Barack Obama’s Pacific: Good or Bad?
That was the question I was asking myself as I watched him eloquently deliver his victory speech. It’s worthy to remember that the United States has voted for change – but not necessarily the rest of the world.
Now I don’t mean that in an abominable way. Personally, I prefer having Barack Obama as President of the US rather than John McCain and I think his election is wonderful – both for the US and for the world.
But what does Barack Obama really mean for the Pacific? The US has no legal obligation to “look” after the Pacific and for that matter the rest of the world. In fact some states even detest the US for interfering with their sovereignty – whether that interference is morally right or not.
However, the US does have an interest in “looking” after the rest of the world and particularly the Pacific – the least humanly populated ocean in the world but also the largest. The most important reason being for strategic purposes.
The old powers of the Pacific are slowly losing their post-Cold War influence. Australia under Howard took ten steps backward, New Zealand under Clark and her stance on the Fiji situation took 5 steps backward, and France? They haven’t really moved anywhere in a region they don’t belong to in the first place.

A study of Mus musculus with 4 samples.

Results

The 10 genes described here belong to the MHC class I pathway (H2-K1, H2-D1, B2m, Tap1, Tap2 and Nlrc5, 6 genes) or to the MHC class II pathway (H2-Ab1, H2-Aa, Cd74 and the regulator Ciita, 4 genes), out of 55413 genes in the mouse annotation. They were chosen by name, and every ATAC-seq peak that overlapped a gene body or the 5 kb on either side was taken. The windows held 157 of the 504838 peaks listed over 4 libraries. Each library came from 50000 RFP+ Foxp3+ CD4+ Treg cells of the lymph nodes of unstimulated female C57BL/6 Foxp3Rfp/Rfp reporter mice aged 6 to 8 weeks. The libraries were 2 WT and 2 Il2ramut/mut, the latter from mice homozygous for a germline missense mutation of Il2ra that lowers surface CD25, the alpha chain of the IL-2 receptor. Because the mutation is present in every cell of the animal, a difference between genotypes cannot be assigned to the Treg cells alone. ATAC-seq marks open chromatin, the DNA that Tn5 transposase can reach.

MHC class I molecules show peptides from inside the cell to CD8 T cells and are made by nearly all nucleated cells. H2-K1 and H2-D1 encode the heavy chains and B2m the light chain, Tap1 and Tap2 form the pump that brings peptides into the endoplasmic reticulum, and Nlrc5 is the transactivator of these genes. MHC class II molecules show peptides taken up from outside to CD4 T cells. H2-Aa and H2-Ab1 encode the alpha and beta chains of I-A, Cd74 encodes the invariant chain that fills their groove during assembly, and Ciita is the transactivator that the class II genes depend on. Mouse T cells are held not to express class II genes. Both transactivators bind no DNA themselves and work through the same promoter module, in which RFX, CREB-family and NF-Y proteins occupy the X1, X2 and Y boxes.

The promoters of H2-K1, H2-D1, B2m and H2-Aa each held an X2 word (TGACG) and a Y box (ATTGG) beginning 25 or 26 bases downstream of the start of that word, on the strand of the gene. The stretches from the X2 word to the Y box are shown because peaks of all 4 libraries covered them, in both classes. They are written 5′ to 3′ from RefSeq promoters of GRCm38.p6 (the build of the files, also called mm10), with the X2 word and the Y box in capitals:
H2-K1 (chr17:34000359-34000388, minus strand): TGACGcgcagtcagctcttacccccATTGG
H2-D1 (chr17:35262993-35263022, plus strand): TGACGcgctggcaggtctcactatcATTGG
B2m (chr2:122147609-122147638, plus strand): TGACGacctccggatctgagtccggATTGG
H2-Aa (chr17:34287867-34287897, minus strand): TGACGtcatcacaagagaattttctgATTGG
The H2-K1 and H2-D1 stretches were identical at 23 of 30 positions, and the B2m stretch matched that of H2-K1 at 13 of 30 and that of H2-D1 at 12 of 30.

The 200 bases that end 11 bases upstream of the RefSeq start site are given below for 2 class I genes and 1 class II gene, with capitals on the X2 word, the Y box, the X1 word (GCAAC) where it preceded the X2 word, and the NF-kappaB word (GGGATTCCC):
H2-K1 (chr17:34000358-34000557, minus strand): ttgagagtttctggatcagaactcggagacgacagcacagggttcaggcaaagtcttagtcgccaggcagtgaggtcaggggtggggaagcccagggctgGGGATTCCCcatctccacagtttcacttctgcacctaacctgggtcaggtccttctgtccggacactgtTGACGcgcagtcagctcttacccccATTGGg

And what of Asia? Japan has continued it’s support in the most diplomatic of Japanese ways – being silent and respectful, yet somehow magically giving its invisible support a physical presence. I still don’t know how the Japanese do it.
Taiwan, in my opinion, has reached its threshold. It won’t progress further in the Pacific than with what support it currently enjoys – and even that is uncertain in the Pacific, which must make it not fun at all. Taiwan must feel rather like a boy anticipating to be caught stealing from the cookie jar, or a girl with a crush on a boy who deep down has no real commitment.
And China? Yes, China, China, China. Just say the name again: China.
China has quadrupled its aid to the Pacific. It throws aid away with no absolute connections. You can build an impressive stadium or a grand sports complex. You can spend it on lavish headquarters or beautiful secretariats. You can use it to increase your salary or use it to fly to China for all China cares. They seem to run on a simple foreign Pacific policy: How do you make the people happy? You give them what they want.
Barack Obama has told Americans that China should not be viewed as an enemy nor a friend – but as a competitor in the world today.
So China is a competitor, and as a competitor, China is winning the war in the Pacific.